Saturday, November 7, 2009

Queda do Muro de Berlim: 20 anos (3)

«(...) The year was 1987, the year that Pres. Ronald Reagan, at the Brandenburg Gate, told Mr. Gorbachev to Tear Down This Wall. Reagan early and often promoted liberty, American exceptionalism, and human rights. All those who escaped Communism by hidden secret compartments in cars, or by tunnel, or by hot-air balloon, or in fantastic motorized water packs, and all those who died trying, had a friend in Ronald Reagan and the American people, including, previously, Pres. John F. Kennedy. From the Berlin airlift to spiritual uplift, great American leaders have always resolutely stood up for freedom.

Until now. Mr. Obama came to Berlin in 2008, while campaigning, and has continued to preen for foreign approval by apologizing around the globe for the United States. But this year, the celebrations will take place without him.

Berlin, 2009. Celebration of liberty and America’s heroic leaders. Mr. Obama, apparently this is not your place. President Reagan, meanwhile, will now have an exhibit dedicated to his leadership at the Checkpoint Charlie Museum.
— Larry Greenfield is fellow in American studies at the Claremont Institute and executive director of the Reagan Legacy Foundation.

«(...) Mr. Obama invites the shrillest voices to conclude that, in his view of the world, the Cold War was nothing more than right-wing paranoia. The United States was much less the champion of freedom, the Soviet Union much less the ogre of oppression, and militant Communism much more harmless, than the Goldwaters and Strangeloves made them out to be. So, not enough was at stake in building and then destroying the wall to justify a presidential presence at the anniversary. (...)»
Allen C. Guelzo is Henry R. Luce professor of the Civil War era and director of the Civil War Era Studies Program at Gettysburg College.


«(...) First, this is what we ought to expect from a president whose mentor was Frank Marshall Davis and who, in the 1980s, when President Reagan was seeking to breach the Berlin Wall, was being educated by — and chose to “hang with” — what he himself acknowledged were “Marxist professors.” Obama was raised, nurtured, and educated by what Whittaker Chambers — and Ronald Reagan quoting Chambers — dubbed the wrong side of history. By not going to Berlin, Obama is once again choosing the wrong side of history.

Second, with all that said, I’m personally not disappointed by Obama. Barack Obama is who he is. I’m disappointed by the American public, which elected a leader who thinks this way.

Ronald Reagan went to the Berlin Wall. He went there and demanded it be torn down. It was. And now, today, Ronald Reagan rolls over in his grave.
— Paul Kengor is professor of political science at Grove City College. His recent books include The Crusader: Ronald Reagan and the Fall of Communism.


«(...) In one of the first interviews of his fledgling presidency, on Jan. 27, 2009, Obama informed the audience of an Arabic-language television channel that he hoped to restore “the same respect and partnership that America had with the Muslim world as recently as 20 or 30 years ago.”

How interesting that Obama praised 1989 as a time of exemplary U.S.-Muslim relations, and not the year of the Berlin Wall’s collapse. It was an undistinguished year for U.S.-Muslim relations, but it was before the U.S. government sought to democratize the region. It was when Washington still focused on getting along with kings, presidents, emirs, and other autocrats. Obama’s phrasing, Fouad Ajami points out, signals “a return to Realpolitik and business-as-usual” in relations with Muslims.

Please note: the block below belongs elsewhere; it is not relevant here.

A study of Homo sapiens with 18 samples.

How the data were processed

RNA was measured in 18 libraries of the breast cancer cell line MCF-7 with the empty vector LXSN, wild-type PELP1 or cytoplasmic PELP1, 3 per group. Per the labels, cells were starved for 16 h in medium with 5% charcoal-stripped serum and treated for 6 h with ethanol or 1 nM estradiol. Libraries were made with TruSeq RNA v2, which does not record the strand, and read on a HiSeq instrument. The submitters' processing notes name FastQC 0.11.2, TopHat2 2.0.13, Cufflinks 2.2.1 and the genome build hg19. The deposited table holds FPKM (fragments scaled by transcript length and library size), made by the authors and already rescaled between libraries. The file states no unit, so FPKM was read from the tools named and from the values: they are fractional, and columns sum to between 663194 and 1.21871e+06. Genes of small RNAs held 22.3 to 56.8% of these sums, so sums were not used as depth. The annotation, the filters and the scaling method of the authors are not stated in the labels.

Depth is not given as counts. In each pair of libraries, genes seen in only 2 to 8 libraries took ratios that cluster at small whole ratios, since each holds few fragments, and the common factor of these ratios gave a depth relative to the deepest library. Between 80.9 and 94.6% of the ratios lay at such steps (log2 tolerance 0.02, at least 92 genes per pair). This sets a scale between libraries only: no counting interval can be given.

The president’s decision to skip the celebrations in Berlin, thus,
fits a larger pattern of nostalgia for the good old days before George W. Bush’s “freedom agenda” and its inconvenient tensions with dictators.»
Daniel Pipes is director of the Middle East Forum and Taube distinguished visiting fellow at the Hoover Institution of Stanford University.


«President Obama’s decision to skip the ceremonies marking the 20th anniversary of the fall of the Berlin Wall has worrying implications for the war in Afghanistan. Although Obama may not be aware of it, Communism and political Islam are basically the same. One pretends to be a perfect science, the other religious. But each divided the world into the holy and the profane. Each believed itself in possession of absolute truth and, deifying itself, attempted to impose its deranged interpretation of reality on the world by force.

The fall of Communism showed that fanatics are defeated by the collapse of their ideology. This lesson is critical to our success in Afghanistan. If we discredit fanatical Islam, we win. If it discredits us, we lose. It was therefore critically important for Obama to use the opportunity of the Berlin Wall commemoration to explain to the world and, in particular, the Muslim world, why we are fighting. The fact that he did not seize this opportunity indicates that he may not know. Clausewitz wrote that in war the first priority of a statesman or commander is to understand what kind of war he is fighting. Obama is involved in an ideological war. If he does not understand that, it will be his tragedy — and ours.
— David Satter is a senior fellow at the Hudson Institute and a visiting scholar at the Johns Hopkins University School of Advanced International Studies. His latest book is Darkness at Dawn: The Rise of the Russian Criminal State.

Ver também: Qual muro?, Obama iguala Bush, O príncipe da paz? e O muro e o príncipe.